Aphasia and the Art of Navigation

Posted on June 30, 2012


Aphasia is a communication disorder resulting in the partial or total inability to process language but does not affect intelligence. In my case, aphasia has diminished the speed at which I can process language and make decisions. I don’t believe it has affected my ability to make correct decisions. It has only affected the speed at which I can make, communicate or implement those decisions. Since verbal communication is more spontaneous and offers less time to process language and reflect on the underlying ideas, I have more problems with verbal communications than written communications.

This difference has been brought home to me many times in the past several weeks as I have had to serve as navigator for me and my wife as we have had to find our way around our new town. With my history of seizure activity and potential for future seizures, I have had to relinquish my driver’s license and quit driving. This has forced us to rely on my wife to be our chauffeur.

My wife is basically a good driver. However, she would readily admit that she doesn’t like driving in heavy traffic. She would also admit that she is “geographically challenged.” East-west-north-south do not register with her. She doesn’t like to read maps. She wants to know whether to go straight or to turn right or left at the next intersection.

My wife and I approach driving very differently. Our approaches to driving are the exact reflections of our approaches to cooking. My wife is an excellent cook. People are always complimenting her cooking and asking her for her recipes. Prior to my episode and before I was told to stay away from electronic utensils and objects that had sharp edges or points, I liked to experiment in the kitchen and try different combinations. People would also compliment my creations. However, when asked for my recipes, I couldn’t supply them because I didn’t use fixed recipes. On the other hand my wife is a recipe cook. She wants a list of instructions to follow precisely. This practice carries over to her driving. She much prefers a list of directions over a map.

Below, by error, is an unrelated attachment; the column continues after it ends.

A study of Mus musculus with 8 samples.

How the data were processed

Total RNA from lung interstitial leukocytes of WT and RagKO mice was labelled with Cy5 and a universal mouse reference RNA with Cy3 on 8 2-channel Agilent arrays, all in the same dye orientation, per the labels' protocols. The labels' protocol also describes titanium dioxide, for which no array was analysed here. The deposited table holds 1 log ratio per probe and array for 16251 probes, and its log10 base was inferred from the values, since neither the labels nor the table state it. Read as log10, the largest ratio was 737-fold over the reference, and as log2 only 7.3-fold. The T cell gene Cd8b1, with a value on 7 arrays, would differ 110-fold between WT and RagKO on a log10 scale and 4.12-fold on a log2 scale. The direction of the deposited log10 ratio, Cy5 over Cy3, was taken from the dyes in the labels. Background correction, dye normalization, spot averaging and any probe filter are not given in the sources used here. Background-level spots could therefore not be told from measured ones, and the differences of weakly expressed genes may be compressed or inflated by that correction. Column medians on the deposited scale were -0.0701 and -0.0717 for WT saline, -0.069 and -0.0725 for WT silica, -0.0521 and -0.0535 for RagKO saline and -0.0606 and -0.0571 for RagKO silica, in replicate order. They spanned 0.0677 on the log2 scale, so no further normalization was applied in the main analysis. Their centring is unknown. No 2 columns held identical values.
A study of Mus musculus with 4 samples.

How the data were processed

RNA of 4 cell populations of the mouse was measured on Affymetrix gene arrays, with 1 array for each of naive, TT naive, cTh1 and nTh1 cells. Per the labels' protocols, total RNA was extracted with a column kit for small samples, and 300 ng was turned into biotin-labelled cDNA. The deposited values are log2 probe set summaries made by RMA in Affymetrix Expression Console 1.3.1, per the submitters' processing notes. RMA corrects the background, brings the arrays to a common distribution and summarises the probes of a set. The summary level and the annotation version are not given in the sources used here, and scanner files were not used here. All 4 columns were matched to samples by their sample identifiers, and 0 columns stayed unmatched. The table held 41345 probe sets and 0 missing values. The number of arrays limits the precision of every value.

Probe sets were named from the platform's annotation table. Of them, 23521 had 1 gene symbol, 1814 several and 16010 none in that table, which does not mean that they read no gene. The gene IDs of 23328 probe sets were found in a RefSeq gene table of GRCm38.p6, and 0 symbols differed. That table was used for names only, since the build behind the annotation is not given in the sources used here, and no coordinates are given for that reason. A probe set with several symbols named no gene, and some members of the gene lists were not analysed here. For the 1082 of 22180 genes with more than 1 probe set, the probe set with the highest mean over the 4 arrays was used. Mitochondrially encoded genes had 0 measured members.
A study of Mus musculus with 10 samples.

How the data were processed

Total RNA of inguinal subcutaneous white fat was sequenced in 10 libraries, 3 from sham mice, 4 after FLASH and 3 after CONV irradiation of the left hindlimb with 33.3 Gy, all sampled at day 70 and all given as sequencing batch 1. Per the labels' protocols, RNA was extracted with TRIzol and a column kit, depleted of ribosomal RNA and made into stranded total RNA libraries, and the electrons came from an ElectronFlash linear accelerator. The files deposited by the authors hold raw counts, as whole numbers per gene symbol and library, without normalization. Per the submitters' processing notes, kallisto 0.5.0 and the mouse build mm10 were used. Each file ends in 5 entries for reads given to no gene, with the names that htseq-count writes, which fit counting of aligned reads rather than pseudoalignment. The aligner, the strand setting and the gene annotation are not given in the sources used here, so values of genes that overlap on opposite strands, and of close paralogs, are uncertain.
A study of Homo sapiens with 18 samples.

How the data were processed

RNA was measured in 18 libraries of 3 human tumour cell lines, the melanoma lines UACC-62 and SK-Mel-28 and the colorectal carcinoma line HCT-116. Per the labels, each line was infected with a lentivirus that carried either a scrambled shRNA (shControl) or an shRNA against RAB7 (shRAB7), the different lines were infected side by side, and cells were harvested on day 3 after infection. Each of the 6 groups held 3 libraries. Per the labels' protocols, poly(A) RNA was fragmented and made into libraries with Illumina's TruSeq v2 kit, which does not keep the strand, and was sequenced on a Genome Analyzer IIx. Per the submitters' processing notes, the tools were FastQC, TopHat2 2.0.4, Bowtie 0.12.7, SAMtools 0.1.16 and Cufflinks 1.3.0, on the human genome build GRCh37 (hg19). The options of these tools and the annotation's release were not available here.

In my battle with aphasia, I have come to the conclusion that, “I am a lousy navigator.” In familiar areas, I know where to turn and what is the best lane to be in. In unfamiliar areas, by reading a map I know where to turn. However, in both situations I can’t seem to find the words quick enough to give my wife sufficient warning of what to do next. When I find the words to indicate an impending turn, I raise the volume of my voice to emphasize the urgency of an upcoming turn. This sometimes startles my wife or makes her think I am yelling at her. Both of those outcomes could be disturbing in the least or dangerous at the worst. When she misses a turn or makes a wrong turn, I get very upset with myself. Because I am angry my next several comments will usually reflect those feelings. I am not upset with my wife. I am just upset that I didn’t direct us appropriately.

I can hear some of you saying right now, “Why don’t you use a GPS?” We have tried two different GPS’s with less than satisfactory results. GPS’s operate off of optimization principles and programs. I am reminded of the computerized room scheduling programs that were being offered to colleges 30 years ago. The claim was that these programs would greatly increase room usage efficiency by filling dead space. The claims these programs made concerning more efficient use of space were undeniable. However, the results of these scheduling programs were neither satisfying to faculty or students. It was difficult for these programs to take into account the room preference of faculty, or the desire of students to have back-to-back classes scheduled in nearby rooms. There were too many variables for these programs to account for. The human mind of an individual who knew the curriculum, the facilities, and understood faculty and student preferences was a better scheduler than a computer.

GPS’s are only as good as the optimization programs on which they operate and the information that is entered into the data bank of the GPS. How old is the basic map that is used in the GPS? New roads are added every year and occasionally roads are closed. The major choices GPS’s give you to calculate optimal routes are: 1) shortest route (based on mileage); 2) shortest time (based on estimated time to cover the route calculated using posted speed limits); 3)toll roads (use or don’t use toll roads); and 4) roads to avoid. Any changes to the optimization strategies are difficult if not illegal for the driver to make while the car is moving. Construction and local conditions like accidents are not always known before one begins the trip. Dangerous intersections are not always accounted for by the GPS. Shortest or normally quickest routes may include left hand turns against traffic, which during rush hours or school change hours can be very problematic.

We do use a GPS on longer distance trips. However, on trips around town where road conditions seem to be more volatile, even with the speed at which I can communicate route changes, I seem to be a better navigational choice for us.

These events have convinced me that there are at least two jobs that are beyond my capabilities at this moment. I would be a disaster as a spotter for a NASCAR racing team or as an air traffic controller.